Clueless soldiers engage in conflict and culture shock in “Time of the Comet,” a costumer by Albanian helmer Fatmir Koci (“Tirana Year Zero”), that marries the absurdity of war to the utter absurdity that was once Albania. Set shortly before WWI, the pic recounts the picaresque adventures of a comely young hero who convinces five villagers to follow him into battle. En route, they encounter a gay bandit leader, a polite Prussian king, a crucified nun and a self-immolating Muslim, as the fate of the nation hangs by a foreskin. Romantic, tragic and profoundly hilarious, “Comet” could brighten arthouse venues.
Upon learning that Albania is no longer under Ottoman rule, Shestan (Blerim Destani), armed with an outdated map (national boundaries change weekly), ventures forth with his men to seek out and defend the newly named German king of Albania. The ragtag band crosses countless internal divisions, each claimed as a protectorate of some foreign power. In one of the pic’s best sight gags, the group comes across a crowded signpost bearing arrows pointing to half the nations of Europe.
The makeshift troop finally reaches King Weid (Thomas Heinze), who has ethnic problems of his own. Faced with a choice between his throne and his foreskin (Albania’s considerable Muslim population demands he be circumcised), Weid abdicates.
Meanwhile, Shestan himself has attracted attention — some of it welcome, some not. In the course of his travels, he keeps encountering Agnes (Masiela Lusha), a lovely young woman forced by her father into a nunnery to avoid ravaging soldiers. Ravishment also preoccupies the fearsome, sultan-backing warlord Kus Babaj (Cun Lajci), who, instead of attacking Shestan, pursues him, mad with lust for our handsome hero.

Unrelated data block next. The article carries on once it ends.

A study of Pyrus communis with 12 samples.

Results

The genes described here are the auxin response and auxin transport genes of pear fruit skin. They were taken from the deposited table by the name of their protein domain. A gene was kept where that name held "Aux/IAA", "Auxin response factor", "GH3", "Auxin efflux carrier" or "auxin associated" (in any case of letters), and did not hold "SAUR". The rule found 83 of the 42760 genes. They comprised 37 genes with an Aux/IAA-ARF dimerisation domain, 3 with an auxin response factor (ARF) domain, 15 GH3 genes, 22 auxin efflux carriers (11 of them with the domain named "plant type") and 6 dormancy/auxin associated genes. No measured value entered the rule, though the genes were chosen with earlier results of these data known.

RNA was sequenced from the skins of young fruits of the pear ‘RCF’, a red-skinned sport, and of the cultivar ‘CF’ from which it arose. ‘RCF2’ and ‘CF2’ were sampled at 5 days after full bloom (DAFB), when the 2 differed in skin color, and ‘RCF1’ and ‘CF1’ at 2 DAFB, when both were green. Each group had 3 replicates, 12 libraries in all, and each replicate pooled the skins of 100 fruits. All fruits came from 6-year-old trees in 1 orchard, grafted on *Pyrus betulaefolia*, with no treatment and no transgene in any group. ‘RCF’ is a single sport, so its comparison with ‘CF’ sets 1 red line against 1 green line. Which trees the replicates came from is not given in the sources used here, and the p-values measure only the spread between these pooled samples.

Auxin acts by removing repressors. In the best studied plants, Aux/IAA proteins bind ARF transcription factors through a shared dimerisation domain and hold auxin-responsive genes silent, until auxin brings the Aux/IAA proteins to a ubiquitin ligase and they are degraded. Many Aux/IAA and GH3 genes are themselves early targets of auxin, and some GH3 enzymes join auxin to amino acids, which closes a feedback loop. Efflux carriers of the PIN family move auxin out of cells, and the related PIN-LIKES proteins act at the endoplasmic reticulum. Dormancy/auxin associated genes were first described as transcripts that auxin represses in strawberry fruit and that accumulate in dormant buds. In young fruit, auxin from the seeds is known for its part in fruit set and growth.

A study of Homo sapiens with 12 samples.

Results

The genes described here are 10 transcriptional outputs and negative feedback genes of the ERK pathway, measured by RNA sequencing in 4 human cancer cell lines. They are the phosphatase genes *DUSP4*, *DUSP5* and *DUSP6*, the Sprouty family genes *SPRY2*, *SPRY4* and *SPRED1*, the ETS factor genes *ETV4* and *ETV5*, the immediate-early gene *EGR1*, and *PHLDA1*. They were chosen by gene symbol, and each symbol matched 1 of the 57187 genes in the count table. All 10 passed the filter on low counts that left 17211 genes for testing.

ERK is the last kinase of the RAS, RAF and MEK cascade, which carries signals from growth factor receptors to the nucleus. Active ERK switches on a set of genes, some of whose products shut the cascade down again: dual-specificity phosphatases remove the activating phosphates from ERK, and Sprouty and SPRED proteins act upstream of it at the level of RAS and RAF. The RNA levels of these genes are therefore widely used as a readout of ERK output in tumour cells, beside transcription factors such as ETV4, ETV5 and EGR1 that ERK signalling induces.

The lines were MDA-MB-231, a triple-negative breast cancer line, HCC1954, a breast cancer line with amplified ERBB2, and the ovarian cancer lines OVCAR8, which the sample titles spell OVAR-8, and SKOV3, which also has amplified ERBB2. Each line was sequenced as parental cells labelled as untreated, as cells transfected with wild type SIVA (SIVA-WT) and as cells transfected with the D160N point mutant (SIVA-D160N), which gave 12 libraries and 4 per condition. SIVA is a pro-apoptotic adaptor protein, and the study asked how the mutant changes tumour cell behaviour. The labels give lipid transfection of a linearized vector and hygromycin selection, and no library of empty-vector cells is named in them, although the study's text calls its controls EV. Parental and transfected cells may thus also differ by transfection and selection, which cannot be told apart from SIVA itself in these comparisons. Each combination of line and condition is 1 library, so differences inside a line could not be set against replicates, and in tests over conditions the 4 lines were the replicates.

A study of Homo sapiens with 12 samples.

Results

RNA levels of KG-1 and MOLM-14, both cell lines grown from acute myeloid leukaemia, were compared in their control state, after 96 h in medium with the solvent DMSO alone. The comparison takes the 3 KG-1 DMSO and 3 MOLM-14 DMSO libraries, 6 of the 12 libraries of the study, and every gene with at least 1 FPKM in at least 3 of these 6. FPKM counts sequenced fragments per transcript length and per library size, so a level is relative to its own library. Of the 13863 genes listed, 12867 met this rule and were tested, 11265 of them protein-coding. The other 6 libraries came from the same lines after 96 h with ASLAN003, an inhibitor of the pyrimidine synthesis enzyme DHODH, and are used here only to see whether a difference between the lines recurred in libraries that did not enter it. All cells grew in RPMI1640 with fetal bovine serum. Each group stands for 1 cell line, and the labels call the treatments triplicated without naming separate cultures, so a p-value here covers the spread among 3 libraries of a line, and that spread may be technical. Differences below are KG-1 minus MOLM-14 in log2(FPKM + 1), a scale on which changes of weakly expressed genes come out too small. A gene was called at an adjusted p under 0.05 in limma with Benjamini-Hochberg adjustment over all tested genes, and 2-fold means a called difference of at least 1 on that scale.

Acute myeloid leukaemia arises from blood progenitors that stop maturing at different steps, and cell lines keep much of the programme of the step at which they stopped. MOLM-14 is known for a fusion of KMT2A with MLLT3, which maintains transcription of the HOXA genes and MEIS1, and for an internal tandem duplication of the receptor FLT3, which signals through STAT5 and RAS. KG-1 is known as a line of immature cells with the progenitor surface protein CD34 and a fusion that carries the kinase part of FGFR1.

The Albania traversed by Shestan displays a tolerant multiculturalism that finds its own crackpot alternatives to war. Shestan’s run-in with a bunch of Macedonians results in a musical showdown in which the folk melodies native to both sides shoot back and forth with different arrangements and instrumentations.
In contrast to Godard’s brutish “Les Carabiniers,” Koci’s protagonists manage both heroism and cluelessness, their saga both romantic and absurd. Koci’s gorgeous widescreen tapestry — complete with men in swashbuckling folk regalia or brass-buttoned European uniforms, set against majestic mountainside backdrops — grants full historical sweep to the idiotic events. After all, World War I is just around the corner.